Claire, I’d love to join you in indicting those limp pastries -and the ineffectual bureaucratic dithering they inspire-for the shameful silence surrounding sexual assaults on campus. But there is a bigger factor at play than the fractured reporting system. While loopholes in the current framework certainly assist universities in saving face and steering clear of the U.S. News & World Report ‘s “Best Colleges for Vicious Sexual Predators” list, these permissive policies are primarily a response to the evolution of rape law over the last several decades.
Beginning in the late 1960s, the law of sexual assault underwent dramatic reform, shifting focus from female purity to personal autonomy. Conviction for rape now relies on the victim’s nonconsent rather than a physical display of “utmost resistance,” which had previously set the burden of proof at an unattainably high level and required victims to risk their lives during an attack. These victim-friendly reforms increased the number of successful prosecutions, which, in turn, provided potential complainants with a greater incentive to file police reports.
As bastions of progressive thought, universities should have been perfectly poised to absorb these modern regulations and encourage greater reporting of suspected sexual assaults. But the expansion of victims’ rights and remedies coincided with a corresponding curtailment of offenders’ civil rights. These opposing trends have strained universities’ dual allegiance to victim and assailant, both of whom are students.
Schools are charged not merely with providing a safe learning environment but with molding students’ characters and preparing them to be productive members of society. In the context of campus sexual assaults, rendering justice to one student comes at the expense of branding the other a sex offender, depriving him of employability and any hope of social inclusion. Although the average prison sentence of rape defendants has remained relatively stable over the years, the average time served has increased significantly . And even if a student manages to escape with a light sentence, the stigma persists. With the federal passage of Megan’s Law in 1995 and the enactment of other state-specific restrictions, including a recent New York law banishing sex offenders from Facebook and MySpace, conviction effectively relegates the student to the status of burger-flipping pariah.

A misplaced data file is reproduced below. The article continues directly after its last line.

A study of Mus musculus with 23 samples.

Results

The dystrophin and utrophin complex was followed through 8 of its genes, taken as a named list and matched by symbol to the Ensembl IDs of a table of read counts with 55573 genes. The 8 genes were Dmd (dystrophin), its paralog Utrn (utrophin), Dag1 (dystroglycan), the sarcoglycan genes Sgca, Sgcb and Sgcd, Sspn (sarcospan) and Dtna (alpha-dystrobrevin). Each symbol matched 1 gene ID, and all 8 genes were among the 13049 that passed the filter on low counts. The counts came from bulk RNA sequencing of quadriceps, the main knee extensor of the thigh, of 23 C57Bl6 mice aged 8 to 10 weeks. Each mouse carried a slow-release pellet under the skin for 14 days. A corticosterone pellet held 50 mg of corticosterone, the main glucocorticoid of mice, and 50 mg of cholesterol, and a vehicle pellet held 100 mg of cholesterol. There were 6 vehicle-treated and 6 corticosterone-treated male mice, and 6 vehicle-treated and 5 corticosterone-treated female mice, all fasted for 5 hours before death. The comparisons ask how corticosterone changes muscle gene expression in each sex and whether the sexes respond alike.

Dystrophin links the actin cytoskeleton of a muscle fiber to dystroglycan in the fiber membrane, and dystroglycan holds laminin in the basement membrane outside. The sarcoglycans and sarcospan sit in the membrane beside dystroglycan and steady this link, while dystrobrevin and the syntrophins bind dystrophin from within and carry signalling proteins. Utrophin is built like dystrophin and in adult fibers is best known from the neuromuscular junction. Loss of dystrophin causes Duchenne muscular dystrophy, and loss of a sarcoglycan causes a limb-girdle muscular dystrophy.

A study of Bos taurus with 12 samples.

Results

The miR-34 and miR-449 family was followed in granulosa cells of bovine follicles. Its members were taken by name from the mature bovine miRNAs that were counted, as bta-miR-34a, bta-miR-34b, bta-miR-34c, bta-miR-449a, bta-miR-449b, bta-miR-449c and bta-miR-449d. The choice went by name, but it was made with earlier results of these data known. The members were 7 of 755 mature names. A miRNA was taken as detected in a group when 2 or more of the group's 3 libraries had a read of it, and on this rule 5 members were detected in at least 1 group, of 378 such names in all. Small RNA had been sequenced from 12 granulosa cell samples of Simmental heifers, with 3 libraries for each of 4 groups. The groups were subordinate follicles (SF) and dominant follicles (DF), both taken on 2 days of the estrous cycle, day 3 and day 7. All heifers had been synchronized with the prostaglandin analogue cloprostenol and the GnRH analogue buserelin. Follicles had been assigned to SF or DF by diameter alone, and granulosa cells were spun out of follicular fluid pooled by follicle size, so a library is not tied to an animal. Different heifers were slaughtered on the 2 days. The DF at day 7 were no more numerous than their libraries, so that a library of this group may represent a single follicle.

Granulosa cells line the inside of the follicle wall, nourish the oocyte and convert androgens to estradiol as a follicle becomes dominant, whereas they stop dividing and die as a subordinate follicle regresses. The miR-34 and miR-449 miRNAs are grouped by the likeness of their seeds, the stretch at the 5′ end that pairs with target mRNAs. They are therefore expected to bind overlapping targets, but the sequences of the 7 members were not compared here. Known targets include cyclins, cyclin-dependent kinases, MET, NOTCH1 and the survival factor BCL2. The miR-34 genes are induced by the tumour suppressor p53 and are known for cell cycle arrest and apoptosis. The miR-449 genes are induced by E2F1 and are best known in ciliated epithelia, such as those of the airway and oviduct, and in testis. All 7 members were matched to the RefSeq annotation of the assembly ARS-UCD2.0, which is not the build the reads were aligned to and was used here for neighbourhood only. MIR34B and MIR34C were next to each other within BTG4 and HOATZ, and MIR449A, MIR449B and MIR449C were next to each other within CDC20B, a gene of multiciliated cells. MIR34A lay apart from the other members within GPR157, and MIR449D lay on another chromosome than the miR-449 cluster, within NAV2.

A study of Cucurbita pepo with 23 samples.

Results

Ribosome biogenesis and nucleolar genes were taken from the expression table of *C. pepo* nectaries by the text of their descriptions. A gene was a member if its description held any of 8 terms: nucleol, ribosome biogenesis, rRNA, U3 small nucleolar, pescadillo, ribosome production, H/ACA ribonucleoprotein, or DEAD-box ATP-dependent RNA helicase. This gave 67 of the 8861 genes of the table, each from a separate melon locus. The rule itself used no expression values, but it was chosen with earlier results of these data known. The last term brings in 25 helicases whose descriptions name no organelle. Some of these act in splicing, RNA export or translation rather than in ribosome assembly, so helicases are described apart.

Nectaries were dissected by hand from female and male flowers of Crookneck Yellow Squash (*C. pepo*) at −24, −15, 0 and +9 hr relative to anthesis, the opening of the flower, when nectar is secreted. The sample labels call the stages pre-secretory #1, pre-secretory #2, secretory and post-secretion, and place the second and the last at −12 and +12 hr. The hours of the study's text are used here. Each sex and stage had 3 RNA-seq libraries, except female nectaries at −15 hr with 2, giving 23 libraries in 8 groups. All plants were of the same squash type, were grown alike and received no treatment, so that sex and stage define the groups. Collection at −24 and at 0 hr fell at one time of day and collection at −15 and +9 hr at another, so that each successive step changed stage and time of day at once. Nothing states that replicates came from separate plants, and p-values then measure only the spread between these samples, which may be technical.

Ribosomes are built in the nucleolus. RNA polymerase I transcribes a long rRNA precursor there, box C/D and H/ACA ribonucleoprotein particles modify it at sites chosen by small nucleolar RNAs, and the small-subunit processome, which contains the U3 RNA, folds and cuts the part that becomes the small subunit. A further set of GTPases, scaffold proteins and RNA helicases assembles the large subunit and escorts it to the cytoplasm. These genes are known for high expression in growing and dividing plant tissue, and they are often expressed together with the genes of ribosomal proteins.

While this may be a fitting penalty in clear-cut cases of violent crime, the hazy, bacchanalian atmosphere of a college party complicates the moral calculus. Administrators are loath to destroy a student’s entire future for an isolated incident of poor judgment and impulse control. This is not some relic of the old boys-will-be-boys attitude; rather, school officials recognize the unique role of college as a launching pad for the real world, as a place where students’ inexperience and newfound independence come together to create four years of ad hoc, trial-and-error learning. By weighing the costs and benefits to both the victim and offender of a formal report, universities are simply engaging in the kind of prosecutorial discretion that government attorneys practice every day.
University administrators may point fingers at the flawed reporting system, but the real problem lies with the officials themselves, who feel obligated to look out for the best interests of all their students, victim and perpetrator alike.